Beyond the Bandaid: Wilderness Survival & Trauma Course
|Location||PLACE, ST. ADDRESS, TOWN, STATE ZIP|
0900-1700 each day
Class specific information will be sent to you
via email after you sign up.
You receive a Pocket Life Saver: Wilderness Survival Kit to take home upon graduation.
You will learn:
- The 3 injuries that will kill you before the ambulance arrives
- How to stopgap those injuries until the pros arrive.
- Tourniquet Application and Myth Busting
- Airway Maintenance (Nasopharyngeal Airway)
- Pressure Dressing Application
- How to deal with a sucking chest wound (Tension Pneumothorax)
- Emergency Fire Starting and Signaling
- Dealing with Hypothermia and Shock
- Emergency Water Purification
- Basic Map Reading, Direction and Compass Use
- Professor Paul's Lagniappes
Medical emergencies know no boundaries; they can happen in the city, suburbs, and out in the country. Unlike the urban and suburban environment, where you can expect and ambulance to arrive in ten to twenty minutes, stepping out in the wilderness is another world.
When you step out into the woods, deserts, or mountains you need to be prepared to stop gap a life-threatening injury, call for help, and survive while awaiting the arrival of the professionals. Even seemingly small injuries can mean big trouble out in the wild.
The Beyond the BandAid Wilderness Survival course deals with all of the stop gap medical procedures of the standard course but includes material to help you survive in the wild. You will learn how to identify and treat the (3) leading preventable death injuries, how to use the gear found in most standard IFAK trauma kits, and sort through the fact and fiction of tourniquet use.
The Wilderness Survival section will teach you how to build an emergency fire and use it as a rescue signal. Map reading, compass direction and use will be addressed. Emergency water sources and purification techniques will be taught and practiced as will every aspect of the course. This is serious hands on training, not Powerpoint.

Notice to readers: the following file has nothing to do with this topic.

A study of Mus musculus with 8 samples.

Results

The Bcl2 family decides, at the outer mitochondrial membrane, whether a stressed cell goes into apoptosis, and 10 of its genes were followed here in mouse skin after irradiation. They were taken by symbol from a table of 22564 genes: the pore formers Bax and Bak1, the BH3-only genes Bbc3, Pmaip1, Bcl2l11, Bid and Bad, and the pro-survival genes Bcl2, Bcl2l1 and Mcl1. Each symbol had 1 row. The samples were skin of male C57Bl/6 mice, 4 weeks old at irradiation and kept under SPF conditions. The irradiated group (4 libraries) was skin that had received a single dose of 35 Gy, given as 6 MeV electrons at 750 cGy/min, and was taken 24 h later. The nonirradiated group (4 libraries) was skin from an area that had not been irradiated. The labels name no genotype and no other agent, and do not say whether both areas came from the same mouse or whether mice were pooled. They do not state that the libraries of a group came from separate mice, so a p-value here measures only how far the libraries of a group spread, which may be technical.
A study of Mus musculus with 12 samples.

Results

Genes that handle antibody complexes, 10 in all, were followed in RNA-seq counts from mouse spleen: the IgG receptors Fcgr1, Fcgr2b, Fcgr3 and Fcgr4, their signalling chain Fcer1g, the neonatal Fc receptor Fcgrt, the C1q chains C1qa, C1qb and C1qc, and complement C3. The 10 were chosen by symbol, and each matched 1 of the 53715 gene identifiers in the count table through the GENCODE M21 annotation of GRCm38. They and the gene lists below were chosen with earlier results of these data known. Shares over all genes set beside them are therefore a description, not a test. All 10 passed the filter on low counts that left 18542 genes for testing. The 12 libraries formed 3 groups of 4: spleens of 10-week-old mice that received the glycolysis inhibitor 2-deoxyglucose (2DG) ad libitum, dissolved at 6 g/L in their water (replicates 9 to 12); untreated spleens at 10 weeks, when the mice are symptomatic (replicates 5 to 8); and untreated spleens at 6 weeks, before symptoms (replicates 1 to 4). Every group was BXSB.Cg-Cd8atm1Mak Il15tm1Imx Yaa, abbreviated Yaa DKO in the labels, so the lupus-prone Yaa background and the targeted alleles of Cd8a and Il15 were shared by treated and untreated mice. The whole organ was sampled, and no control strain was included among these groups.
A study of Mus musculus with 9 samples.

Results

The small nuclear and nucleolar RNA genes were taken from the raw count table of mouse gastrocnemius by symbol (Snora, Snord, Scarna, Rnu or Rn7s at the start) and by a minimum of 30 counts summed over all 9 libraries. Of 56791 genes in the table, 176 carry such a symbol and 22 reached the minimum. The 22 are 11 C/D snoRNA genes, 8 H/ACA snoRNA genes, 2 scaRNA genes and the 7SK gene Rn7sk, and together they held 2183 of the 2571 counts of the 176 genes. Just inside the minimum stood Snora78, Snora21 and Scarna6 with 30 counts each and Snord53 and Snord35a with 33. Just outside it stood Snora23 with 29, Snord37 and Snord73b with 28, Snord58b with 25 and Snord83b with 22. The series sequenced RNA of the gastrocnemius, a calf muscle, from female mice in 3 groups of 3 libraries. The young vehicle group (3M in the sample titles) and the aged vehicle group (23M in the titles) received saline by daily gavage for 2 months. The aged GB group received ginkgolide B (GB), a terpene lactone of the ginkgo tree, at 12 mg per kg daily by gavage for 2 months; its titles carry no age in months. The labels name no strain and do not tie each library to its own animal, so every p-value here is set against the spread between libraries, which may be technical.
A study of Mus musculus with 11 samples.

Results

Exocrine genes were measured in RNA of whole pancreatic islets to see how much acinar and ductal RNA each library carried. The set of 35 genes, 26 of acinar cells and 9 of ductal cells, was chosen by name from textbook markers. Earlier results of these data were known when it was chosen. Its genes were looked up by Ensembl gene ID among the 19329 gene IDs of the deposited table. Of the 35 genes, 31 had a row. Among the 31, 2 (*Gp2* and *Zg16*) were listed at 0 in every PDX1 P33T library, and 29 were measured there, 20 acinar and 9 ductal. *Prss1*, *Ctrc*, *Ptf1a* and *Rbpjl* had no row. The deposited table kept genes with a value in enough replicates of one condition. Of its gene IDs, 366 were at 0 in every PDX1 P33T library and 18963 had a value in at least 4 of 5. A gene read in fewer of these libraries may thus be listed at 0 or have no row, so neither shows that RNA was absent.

If you love to step off of the asphalt and out into God’s country, you owe it to yourself and your family to have not only the gear but the skill to master any challenge you might face in the wild.
The story below is an account of a situation
Professor Paul was involved in:
“She must have tried to take the curve too fast.” the husband told the state trooper in the post-crash investigation.
A couple in their early twenties took took their new motorcycles out for a ride in a sunny Sunday afternoon. Calamity struck when the young wife entered a curve on the country highway too quickly. She laid the bike down and slid into the steel guardrail. The impact with the “I” beam partially severed her right leg. By the time her husband turned his bike around and got to her she was bleeding heavily. He tried to put direct pressure on the wound with his hands and call 911 at the same time.
Tragically, the man had neither the training or the gear he needed to save his wife’s life. The tear in her femoral artery caused her to bleed to death before the ambulance could arrive.
I know of this story because it occurred in the city where I worked as a police officer. I spoke to the EMTs who arrived on scene and they agreed that she would have lived had someone at the scene understood how to stop a major bleeding injury.
You don’t have to be a Paramedic or EMT to save the life of a friend or loved one. The actions you take between the time 911 is called and the time the ambulance arrives can, indeed, be the difference between life and death.
We all realize that a firearm can be used to save our life against violent attackers, but what do you do when the fight is over and a good guy is bleeding? Good guys bleed too. Do you have the skills to stopgap a life-threatening wound while waiting for the professionals to arrive?
Successful graduates will leave with the ability to not only recognize life-threatening injuries, but stopgap those injuries and stabilize the victim until the pros arrive. Students will also take with them the gear to address those very issues.